Internet-connected devices may start helping in criminal cases. As first reported in The Information, police in Bentonville, Arkansas have issued a warrant to Amazon, asking the company to hand over data from an Echo device to help prosecute a suspected murderer.
James Andrew Bates, the suspect in the case, was charged with first-degree murder in November of 2015 after authorities found victim Victor Collins strangled and drowned in Mr. Bates’ hot tub.
Mr. Bates told police he’d invited Collins and two other friends, Owen McDonald and Sean Henry, over to watch a football game and said he decided to go to bed about 1 a.m., leaving the victim and McDonald to hang out and drink in his hot tub.
According to Bates’ affidavit, he found Collins face down in the water when he woke up several hours later. However, McDonald says he left Bates and Collins around 12:30 a.m., which was a story confirmed by McDonald’s wife.
According to phone records, Bates was also texting a woman throughout the evening and had placed several calls to his dad, other friends (including McDonald) and the Flying Fish restaurant. None of the calls went through and Bates told police these were accidental butt dials.
Bates has several internet-connected devices in his home, including a Nest thermostat and a Honeywell alarm system, but the key witness in the case may be his Amazon Echo, which, as per The Information, police records say could have controlled the streaming music, which was being wirelessly transmitted throughout the night using Echo’s assistant Alexa.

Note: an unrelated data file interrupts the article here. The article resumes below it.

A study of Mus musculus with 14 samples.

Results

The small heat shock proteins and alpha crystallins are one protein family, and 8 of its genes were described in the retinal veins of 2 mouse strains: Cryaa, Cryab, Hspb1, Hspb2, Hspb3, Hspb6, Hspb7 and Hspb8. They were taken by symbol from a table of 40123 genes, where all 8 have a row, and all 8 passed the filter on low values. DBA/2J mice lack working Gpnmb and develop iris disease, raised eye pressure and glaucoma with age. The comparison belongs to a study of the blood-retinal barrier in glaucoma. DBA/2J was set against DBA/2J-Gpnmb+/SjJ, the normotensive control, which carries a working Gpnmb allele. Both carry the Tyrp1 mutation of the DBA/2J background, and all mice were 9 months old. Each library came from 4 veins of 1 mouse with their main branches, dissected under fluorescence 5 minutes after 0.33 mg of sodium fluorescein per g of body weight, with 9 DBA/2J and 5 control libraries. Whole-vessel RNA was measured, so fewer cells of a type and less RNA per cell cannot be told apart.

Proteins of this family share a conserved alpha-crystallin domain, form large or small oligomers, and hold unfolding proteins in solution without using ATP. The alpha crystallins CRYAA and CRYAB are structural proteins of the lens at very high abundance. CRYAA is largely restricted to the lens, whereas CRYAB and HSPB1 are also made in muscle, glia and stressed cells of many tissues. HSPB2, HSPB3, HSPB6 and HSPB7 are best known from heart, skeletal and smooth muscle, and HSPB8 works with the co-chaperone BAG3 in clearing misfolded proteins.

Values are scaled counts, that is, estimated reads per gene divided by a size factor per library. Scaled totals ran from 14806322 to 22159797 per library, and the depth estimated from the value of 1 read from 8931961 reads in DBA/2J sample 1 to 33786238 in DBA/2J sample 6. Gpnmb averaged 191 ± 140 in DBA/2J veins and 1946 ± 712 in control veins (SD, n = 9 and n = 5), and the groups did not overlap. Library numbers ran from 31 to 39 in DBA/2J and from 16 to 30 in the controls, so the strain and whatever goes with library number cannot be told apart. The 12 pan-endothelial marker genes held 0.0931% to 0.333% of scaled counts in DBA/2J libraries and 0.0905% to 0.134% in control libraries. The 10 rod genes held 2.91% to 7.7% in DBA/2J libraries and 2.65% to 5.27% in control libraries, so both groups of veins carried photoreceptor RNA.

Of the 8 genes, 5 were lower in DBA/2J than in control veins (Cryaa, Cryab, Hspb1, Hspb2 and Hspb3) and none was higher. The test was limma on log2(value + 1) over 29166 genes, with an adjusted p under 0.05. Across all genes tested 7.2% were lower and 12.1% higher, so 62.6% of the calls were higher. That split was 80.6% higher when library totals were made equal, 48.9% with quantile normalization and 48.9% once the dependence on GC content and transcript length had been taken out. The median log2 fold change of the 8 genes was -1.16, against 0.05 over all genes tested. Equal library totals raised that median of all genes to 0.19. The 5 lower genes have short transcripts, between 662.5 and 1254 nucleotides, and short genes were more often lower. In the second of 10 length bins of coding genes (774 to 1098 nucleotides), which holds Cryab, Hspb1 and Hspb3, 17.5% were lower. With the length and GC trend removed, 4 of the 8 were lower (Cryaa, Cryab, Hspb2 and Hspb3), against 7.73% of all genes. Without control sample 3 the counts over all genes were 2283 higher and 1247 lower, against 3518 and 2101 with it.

However, it’s unclear how much data police could extract from the device or how useful that data would be in the case. Alexa is always listening through a system of seven built-in microphones but waits for you to say the “wake word” to send it commands, like asking for the weather or which music to play, according to the company. The device also streams your audio to the cloud, including a fraction of a second of audio before the wake word.
Amazon has so far declined to hand over information in the case, according to court records, and the company says it will not be releasing customer information “without a valid and binding legal demand properly served on us. Amazon objects to overbroad or otherwise inappropriate demands as a matter of course.”
Police have seized the Echo from Bates home anyway, as material evidence, but the device that might offer a better clue as to what happened that night might be the home’s smart water device. According to The Information, court records show Bates’ home ran 140 gallons of water between 1 a.m. and 3 a.m. on the night in question.
But the broader takeaway in this instance is just how much these IoT devices could be used for or against us, legally. This appears to be a first-of-its-kind case and we are sure to see many more of these types of inquiries in the future.